Left out in the cold

Test

Almost a decade after being arrested, Omar Khadr has finally been sentenced. He received 40 years for the murder of an American soldier in Afghanistan, although a plea bargain struck in private will allow him to apply to transfer back to Canada in one year and limits his actual sentence to eight years.

It’s about time. More than seven years of legal wrangling, delays and downtime in Guantanamo Bay is more than seven years too many. And in all that time, what help has Khadr received from his own government? Basically, none. It’s a precedent that should worry Canadians everywhere.

Allow me to digress for a moment. Many people in Canada take their citizenship for granted, especially if it was granted by virtue of their being born on Canadian soil, to Canadian parents. Understandable, of course — I confess that I am rarely aware of my citizenship in any sort of active way.

It’s a misleading way of thinking, though. Citizenship is a pretty serious concept, and debates over nationality law are quite common in our legislature. The process that people go through to become naturalized Canadians is perhaps the most tangible manifestation of the social contract that we have all theoretically entered into with the Canadian state, either from birth or by oath.

We agree to place certain limits on our behaviour, and the government will provide us with the rights and freedoms guaranteed us under our constitution. I realize that’s an oversimplification, but it’s essentially what happens.

That’s why Prime Minster Steven Harper’s refusal to do anything that remotely resembles helping Khadr is so worrisome. The government has been chastised twice by the Federal Court of Appeal, and twice by the Supreme Court, for acting improperly in relation to this case. Although the Supreme Court wisely avoided ordering Harper to request Khadr’s extradition, they very clearly stated that his rights as a Canadian had been violated.

On all of the above occasions, Harper responded by doing nothing except complain that it is not the judiciary’s role to determine government policy. And, of course, now that Khadr has pleaded guilty, some will undoubtedly claim vindication for the prime minister.

But these arguments miss the point. The issue has never been Khadr’s guilt — that is a totally separate argument — nor the courts dictating policy. They were pointing out that our constitution dictates policy. And according to that binding and omnipresent document, it is our government’s responsibility to provide, or at least attempt to provide, assistance to Canadian citizens imprisoned overseas.

Now, the exact form that assistance must take is admittedly unclear, and there is no guarantee of success. I suspect that, had Canada requested the return of Khadr, Washington’s response would have been to talk to the hand, or something else suitably glib.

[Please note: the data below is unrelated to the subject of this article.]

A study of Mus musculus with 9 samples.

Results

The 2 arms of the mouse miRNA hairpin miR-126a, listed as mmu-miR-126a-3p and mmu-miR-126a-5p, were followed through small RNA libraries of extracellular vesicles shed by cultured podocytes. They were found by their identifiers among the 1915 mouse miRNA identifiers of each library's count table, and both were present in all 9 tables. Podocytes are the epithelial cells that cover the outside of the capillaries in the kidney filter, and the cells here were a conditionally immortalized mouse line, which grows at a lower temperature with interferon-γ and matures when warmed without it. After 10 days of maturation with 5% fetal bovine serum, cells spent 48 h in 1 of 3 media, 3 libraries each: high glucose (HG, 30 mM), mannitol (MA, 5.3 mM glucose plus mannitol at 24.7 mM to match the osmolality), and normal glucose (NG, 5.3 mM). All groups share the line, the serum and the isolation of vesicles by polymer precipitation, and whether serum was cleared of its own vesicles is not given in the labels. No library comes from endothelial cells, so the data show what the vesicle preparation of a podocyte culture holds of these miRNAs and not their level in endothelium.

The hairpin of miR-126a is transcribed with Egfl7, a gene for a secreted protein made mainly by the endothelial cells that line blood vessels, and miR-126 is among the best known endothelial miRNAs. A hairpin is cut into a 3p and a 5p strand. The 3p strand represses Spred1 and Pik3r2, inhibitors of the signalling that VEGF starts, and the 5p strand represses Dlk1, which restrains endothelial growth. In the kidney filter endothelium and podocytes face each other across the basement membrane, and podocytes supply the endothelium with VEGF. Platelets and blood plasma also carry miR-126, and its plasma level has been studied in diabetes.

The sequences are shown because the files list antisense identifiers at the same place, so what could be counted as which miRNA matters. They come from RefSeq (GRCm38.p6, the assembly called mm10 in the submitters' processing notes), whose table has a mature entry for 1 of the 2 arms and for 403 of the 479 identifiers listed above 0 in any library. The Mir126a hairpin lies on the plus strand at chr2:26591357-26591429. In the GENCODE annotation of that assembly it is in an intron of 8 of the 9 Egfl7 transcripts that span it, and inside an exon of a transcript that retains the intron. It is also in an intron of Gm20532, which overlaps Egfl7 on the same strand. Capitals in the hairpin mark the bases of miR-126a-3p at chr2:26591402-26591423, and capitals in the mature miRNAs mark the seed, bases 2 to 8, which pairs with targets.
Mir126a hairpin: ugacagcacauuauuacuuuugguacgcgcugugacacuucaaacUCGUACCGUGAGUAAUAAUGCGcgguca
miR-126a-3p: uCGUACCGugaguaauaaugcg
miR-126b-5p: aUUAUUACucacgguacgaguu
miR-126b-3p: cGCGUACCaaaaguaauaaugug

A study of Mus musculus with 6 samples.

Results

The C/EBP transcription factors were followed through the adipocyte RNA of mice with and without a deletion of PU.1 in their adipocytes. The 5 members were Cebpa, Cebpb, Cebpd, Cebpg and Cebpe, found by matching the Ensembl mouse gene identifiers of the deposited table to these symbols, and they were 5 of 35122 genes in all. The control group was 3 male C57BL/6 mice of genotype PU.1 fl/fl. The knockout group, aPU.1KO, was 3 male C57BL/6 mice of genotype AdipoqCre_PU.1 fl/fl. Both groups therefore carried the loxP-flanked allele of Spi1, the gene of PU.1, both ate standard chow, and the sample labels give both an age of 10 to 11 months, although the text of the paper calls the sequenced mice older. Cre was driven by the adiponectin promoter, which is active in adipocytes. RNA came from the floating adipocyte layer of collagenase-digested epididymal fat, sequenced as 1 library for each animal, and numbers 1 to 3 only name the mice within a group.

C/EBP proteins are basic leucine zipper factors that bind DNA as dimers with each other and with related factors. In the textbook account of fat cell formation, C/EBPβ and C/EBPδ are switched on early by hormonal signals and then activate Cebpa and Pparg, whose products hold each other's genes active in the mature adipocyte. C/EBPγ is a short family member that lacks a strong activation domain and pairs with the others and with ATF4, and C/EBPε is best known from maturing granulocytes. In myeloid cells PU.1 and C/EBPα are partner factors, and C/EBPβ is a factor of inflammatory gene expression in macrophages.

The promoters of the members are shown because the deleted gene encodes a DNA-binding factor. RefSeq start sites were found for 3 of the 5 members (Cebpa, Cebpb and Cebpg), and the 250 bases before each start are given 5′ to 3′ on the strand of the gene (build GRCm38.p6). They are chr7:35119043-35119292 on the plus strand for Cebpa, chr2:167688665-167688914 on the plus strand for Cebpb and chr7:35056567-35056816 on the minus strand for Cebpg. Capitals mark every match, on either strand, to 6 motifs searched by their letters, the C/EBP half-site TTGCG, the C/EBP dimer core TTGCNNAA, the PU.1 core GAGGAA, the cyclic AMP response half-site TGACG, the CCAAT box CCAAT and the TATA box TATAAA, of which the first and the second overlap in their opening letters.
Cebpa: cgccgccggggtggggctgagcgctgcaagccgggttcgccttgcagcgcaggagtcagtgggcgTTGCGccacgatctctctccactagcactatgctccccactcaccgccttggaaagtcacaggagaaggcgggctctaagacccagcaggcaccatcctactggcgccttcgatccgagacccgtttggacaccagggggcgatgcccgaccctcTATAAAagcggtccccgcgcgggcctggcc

For a variety of reasons, the Americans viewed Khadr’s case as something that had to be dealt with by them, internally. But that view — a distinctly political one, whether you agree with it or not — for some reason found its way into the minds of the Tory cabinet, and became Canada’s official line too.

This is wrong for two reasons above all. First, we should not let the political agenda of another country dictate our policy. While it might be argued that Harper and company really believe in their position, all signs point to them believing more in following the lead of what was, until a couple of years ago, a kindred administration in the White House.

Secondly, the right to assistance by our government is not a political issue. It is, quite simply, a right. Just as our treatment of murderers and thieves is determined by our constitution and criminal code, and not our subjective feelings on their individual cases, so too should the government’s assistance to citizens overseas be dictated by our law, not a political agenda. Like a fair trial, it is something that legally must be given to us, however distasteful that prospect may be to some.

Of course, the issue is somewhat moot now, at least as far as Omar Khadr is concerned. He gets another year in Cuba and then will in all likelihood be returned to Canada. Even if he receives early parole, he will have spent more than a third of his life languishing in prison, largely abandoned by the only state that might have provided any help at all.

I can’t imagine that he harbours much goodwill towards our country, or at least our government, at this point, and if that is the case, I don’t blame him. Whether we realize it or not, we all live with the expectation that the government will come to bat for us in a pinch. In Khadr’s case, no one was even on deck.

Greg Sacks is a first year law student at Robson Hall who sometimes wonders just how Mavis Beacon got so good at typing.